Volume 675: debated on Monday 4 May 2020

The petition of residents of the United Kingdom,

Declares that there has been an overall increase in the cost of school uniforms; further that at the same time there has been an overall increase in the range of items now prescribed by schools; further that there has been an increase in the range of school-wear carrying school branding, removing the choice of lower cost alternatives; further that some schools have further limited parental choice by naming single approved suppliers; and further that these changes have put intolerable financial burdens on families already struggling with the cost of living.

The petitioners therefore requests that the House of Commons urges the Government to bring forward legislation to: limit the number of compulsory branded items of school-wear; ensure that all items are available from at least two suppliers; cap the total cost of compulsory items of school-wear.

And the petitioners remain, etc.—[Presented by Emma Hardy, Official Report, 10 March 2020, Vol. 673, c. 248.]


Observations from the Minister for School Standards (Nick Gibb):

The Government encourages schools to have a uniform, as it can play a valuable role in contributing to the ethos of a school and setting an appropriate tone. However, no school uniform should be so expensive as to leave pupils or their families feeling unable to apply to the school of their choice due to the cost of the uniform.

Decisions about school uniform, including how it is sourced, are a matter for a school’s governing body or academy trust. The Department for Education publishes best practice advisory guidance to support them in making these decisions. This guidance is clear that, when considering how the uniform should be sourced, schools should give highest priority to cost considerations and value for money for parents.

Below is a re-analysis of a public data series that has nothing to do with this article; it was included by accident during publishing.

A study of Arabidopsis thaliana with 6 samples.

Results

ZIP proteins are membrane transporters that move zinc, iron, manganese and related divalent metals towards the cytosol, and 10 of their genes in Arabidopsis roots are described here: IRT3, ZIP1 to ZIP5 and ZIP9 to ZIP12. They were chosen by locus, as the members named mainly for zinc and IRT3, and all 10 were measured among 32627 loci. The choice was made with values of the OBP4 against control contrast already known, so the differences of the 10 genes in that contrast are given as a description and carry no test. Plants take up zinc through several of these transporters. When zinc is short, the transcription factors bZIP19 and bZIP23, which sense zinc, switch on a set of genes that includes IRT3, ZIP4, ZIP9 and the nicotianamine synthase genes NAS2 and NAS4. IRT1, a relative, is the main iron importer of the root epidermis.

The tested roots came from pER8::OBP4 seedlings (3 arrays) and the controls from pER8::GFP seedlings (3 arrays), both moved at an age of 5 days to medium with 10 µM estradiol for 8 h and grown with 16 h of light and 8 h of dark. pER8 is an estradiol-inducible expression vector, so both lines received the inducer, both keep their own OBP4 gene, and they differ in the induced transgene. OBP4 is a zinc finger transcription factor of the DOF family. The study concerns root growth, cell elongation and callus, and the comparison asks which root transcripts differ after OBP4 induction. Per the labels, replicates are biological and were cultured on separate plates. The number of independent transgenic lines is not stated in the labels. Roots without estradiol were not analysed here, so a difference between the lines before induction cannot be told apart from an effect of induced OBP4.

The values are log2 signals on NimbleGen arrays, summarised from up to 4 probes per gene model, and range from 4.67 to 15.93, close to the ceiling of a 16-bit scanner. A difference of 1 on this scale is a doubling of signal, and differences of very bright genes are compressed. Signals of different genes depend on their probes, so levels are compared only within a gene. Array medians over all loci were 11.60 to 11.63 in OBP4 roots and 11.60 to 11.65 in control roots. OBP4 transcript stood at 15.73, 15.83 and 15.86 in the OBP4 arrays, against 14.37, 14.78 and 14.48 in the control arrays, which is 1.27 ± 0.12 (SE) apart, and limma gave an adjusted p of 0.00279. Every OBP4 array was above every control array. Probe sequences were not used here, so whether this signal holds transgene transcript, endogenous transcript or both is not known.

On 5 February, the hon. Member for Weaver Vale (Mike Amesbury) introduced his Private Members’ Bill, the Education (Guidance about Costs of School Uniforms) Bill. The Government are supporting the progress of this bill through Parliament in order to make our guidance on the cost considerations for school uniform statutory at the earliest opportunity.

At the second reading of the Education (Guidance about Costs of School Uniforms) Bill, the Government made clear that, the starting point for any future statutory guidance on uniform costs would be the current non-statutory guidance on uniform cost considerations. The existing guidance is clear that the school uniform should be easily available for parents to purchase and that schools should keep branded items to a minimum. Exclusive single supplier contracts should be avoided unless regular tendering competitions are run and where best value for parents is secured.

Any future guidance, as is the case now, will encourage schools to be reasonable in their use of branded or bespoke uniform items and stress a considered use of suppliers underpinned by competitive tendering processes.

Whilst we sympathise with the aims of this petition—to reduce the burden of unreasonable school uniform costs for parents—we consider it important to uphold schools’ decision making in this area. This Government have been clear that it believes that uniform is a matter for schools, in light of their local circumstances and taking account of the views of parents and pupils. Therefore, any future statutory guidance on uniform cost will be respectful of schools’ decision making in this area, whilst seeking to ensure that schools take these decisions within a sensible framework which prioritises the issue of cost for families. The Government does not wish to dictate to schools a numerical limit on the number of branded items or a ban on single supplier contracts. Rather, it wishes to provide a robust framework that aids decision making at a local level.